Chicago Bears coach Lovie Smith loves to talk about his team "getting off the bus running." Yet this preseason, they've been getting off the bus walking, using a cane for support.
The team's rushing attack has been horrible, and that's being nice. The club averaged 1.7 yards per carry in the preseason opener, 3.7 ypc versus Washington and 3.5 ypc last week. That number last week is deceiving, as most of that production came in the second half. In the first half, Matt Forte was consistently hit in the backfield, rushing eight times for just four yards.
The Giant's defensive front is as good as it gets in the NFL, but that's still no excuse for your Pro Bowl running back to average 0.5 yards per rush. The blocking up front has been nonexistent, with guys either getting blown off the ball or completely missing their man.
"Where we continue to need to hone it up and get our timing down, figure out what we want to be, is in the run game," coordinator Mike Tice said. "We need to decide on what runs we really want to focus on this next week and get after those, clean those up and make some strides in our run game."
The Bears have allowed the most combined sacks in the NFL the past two seasons, so much of the onus during training camp and the preseason has been on pass protection.
"We focused so much on making sure we were able to protect our quarterbacks that we've taken some of that time in our individual periods and focused on the protection stuff," said Tice. "We just have to, in these next 10 days, spend more time honing some of those things."
Tackle Chris Williams said that has played a role in the lack of continuity up front.
"That could be part of it," said Williams. "There's so many moving part to any part of football. The running game, one guy's off, it's not a good run. We just have a lot of that."
Still, despite the poor performances on the ground, Tice isn't losing any sleep over the team's rushing attack.
"I'm not worried about it. We'll run the ball fine. We just have to pay more attention to it in our individual work," said Tice.
The first step would be to solidify the five starters and quit the constant rotations. Tice wanted to give Williams a shot at the left tackle spot but that never materialized. At left guard, Chris Spencer has struggled, which has led to Chilo Rachal taking some of his reps with the first team.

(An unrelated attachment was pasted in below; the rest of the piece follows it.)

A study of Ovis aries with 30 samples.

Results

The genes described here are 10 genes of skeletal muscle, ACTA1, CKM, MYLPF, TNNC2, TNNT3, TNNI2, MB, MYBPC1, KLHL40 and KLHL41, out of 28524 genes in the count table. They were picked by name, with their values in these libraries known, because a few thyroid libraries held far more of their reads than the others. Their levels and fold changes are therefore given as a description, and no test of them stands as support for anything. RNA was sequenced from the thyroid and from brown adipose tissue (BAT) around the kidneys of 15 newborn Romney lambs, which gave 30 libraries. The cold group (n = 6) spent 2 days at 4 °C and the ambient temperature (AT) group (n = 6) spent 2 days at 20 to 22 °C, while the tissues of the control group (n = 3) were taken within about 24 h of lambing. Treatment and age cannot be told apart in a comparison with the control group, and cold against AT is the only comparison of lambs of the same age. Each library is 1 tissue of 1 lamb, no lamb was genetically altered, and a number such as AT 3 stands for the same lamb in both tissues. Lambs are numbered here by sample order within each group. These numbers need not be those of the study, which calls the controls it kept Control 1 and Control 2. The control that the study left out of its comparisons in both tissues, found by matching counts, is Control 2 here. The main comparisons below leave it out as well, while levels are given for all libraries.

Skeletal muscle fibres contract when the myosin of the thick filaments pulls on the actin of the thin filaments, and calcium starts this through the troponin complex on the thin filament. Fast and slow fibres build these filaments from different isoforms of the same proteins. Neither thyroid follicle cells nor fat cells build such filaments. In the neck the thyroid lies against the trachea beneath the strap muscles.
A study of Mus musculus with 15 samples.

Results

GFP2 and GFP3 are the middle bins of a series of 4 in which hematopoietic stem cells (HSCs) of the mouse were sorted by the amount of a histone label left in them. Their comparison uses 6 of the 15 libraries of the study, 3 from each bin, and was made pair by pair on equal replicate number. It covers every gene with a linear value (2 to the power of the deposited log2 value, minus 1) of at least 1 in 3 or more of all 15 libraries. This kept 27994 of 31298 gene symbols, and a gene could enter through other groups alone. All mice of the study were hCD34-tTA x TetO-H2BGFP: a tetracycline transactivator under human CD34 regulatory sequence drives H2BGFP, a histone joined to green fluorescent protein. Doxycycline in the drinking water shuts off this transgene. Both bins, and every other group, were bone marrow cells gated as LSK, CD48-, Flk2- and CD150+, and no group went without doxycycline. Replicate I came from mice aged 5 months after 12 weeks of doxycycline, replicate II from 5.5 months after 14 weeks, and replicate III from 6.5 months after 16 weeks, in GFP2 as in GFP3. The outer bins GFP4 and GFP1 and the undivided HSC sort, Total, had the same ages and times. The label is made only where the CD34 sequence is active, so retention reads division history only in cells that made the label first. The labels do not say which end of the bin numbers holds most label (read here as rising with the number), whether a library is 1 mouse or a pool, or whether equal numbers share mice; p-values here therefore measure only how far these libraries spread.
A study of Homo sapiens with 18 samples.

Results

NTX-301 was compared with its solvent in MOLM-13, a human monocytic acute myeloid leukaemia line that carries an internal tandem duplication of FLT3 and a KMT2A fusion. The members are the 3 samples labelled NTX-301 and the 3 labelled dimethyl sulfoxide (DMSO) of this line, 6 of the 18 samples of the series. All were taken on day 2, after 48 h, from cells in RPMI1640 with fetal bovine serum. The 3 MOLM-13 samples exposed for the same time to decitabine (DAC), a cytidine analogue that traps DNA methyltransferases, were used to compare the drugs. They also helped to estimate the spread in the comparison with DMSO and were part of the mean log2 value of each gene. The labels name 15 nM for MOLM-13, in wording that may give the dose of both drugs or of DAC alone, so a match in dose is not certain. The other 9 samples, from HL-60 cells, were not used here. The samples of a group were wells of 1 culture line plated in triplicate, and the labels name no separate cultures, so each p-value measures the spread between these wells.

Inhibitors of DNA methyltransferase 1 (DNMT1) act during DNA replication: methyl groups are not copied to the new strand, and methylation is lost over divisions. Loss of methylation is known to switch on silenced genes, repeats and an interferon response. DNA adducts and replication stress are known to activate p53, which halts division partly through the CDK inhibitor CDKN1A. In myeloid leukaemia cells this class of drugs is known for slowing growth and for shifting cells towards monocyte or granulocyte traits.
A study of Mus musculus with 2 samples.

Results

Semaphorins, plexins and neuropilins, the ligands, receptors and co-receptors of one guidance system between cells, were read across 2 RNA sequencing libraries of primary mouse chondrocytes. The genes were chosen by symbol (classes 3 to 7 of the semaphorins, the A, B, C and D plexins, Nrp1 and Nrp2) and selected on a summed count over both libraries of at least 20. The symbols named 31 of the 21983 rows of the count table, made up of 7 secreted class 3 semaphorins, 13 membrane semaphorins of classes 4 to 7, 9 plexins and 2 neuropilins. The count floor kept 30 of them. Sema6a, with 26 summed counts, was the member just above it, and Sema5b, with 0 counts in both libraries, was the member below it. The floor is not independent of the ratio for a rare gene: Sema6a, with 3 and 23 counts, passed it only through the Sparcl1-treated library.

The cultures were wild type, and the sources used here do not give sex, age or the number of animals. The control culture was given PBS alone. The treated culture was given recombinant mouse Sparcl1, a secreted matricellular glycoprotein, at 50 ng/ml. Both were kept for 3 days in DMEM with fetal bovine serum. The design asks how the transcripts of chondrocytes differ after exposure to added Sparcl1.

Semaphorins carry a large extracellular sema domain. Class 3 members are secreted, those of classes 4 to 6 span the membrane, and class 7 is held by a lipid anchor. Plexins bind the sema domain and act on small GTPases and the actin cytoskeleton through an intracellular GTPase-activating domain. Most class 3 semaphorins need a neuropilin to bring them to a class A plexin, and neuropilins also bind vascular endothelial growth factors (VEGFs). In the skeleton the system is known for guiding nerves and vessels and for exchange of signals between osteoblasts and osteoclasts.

It makes sense to have your best five guys up front but after a full offseason of activities – rookie minicamp, OTAs, veteran minicamp – plus more than three weeks of training camp and three preseason games, should these positional battles still be ongoing? Has Tice not had enough time to evaluate these players and make a final decision?
Once that happens, the offensive line can relax and start learning to work as a group. As Williams points out, one missed block can destroy any given run play, and it's impossible to develop that type of cohesiveness if guys are constantly shuffling in and out.
"We actually had some mental errors in the run that were easy things [to fix]," said Tice. "When you call a play that's called ‘inside zone,' that means you're really not working to a man, you're working to a zone. We just have to make sure we're all working to the proper area."
Yet, to lose faith in Tice at this point seems like an overreaction to three meaningless games. Consider what he did last season.
In the second game of the year, he lost his best offensive lineman, and best run blocker, in Gabe Carimi. He inserted Frank "Turnstile" Omiyale on the right edge, with disastrous results. He then had to slide Lance Louis from right guard to right tackle, where he had never before played. Chris Spencer was placed at right guard, where he had no experience.
Then, after Chris Williams was finally starting to look good at left guard, he went down with a wrist injury. Edwin Williams, a mediocre run blocker, was inserted in his place.
And then the team's Pro Bowl running back went down for the season. A few weeks later, the team's main backup, Marion Barber, also was lost with injury.
Yet despite the team losing it's best two blockers, it's best two running backs, and being forced to mix and match up front, the group still rushed for 2,015 yards. It was the first time in 20 seasons a Bears rushing attack has topped the 2,000-yard mark.
Before coming to Chicago, Tice worked as the offensive assistant head coach in Jacksonville. During his four seasons with the club, the Jaguars finished 3rd, 2nd, 18th and 10th in the NFL in rushing.
When you consider what he has accomplished building rushing attacks in the NFL, I'm at a loss to find any good reason to lose faith in him now. Despite the weapons he has in the passing game, Tice wants to run the ball this year. If history is any indication, he'll figure out a way to make that happen.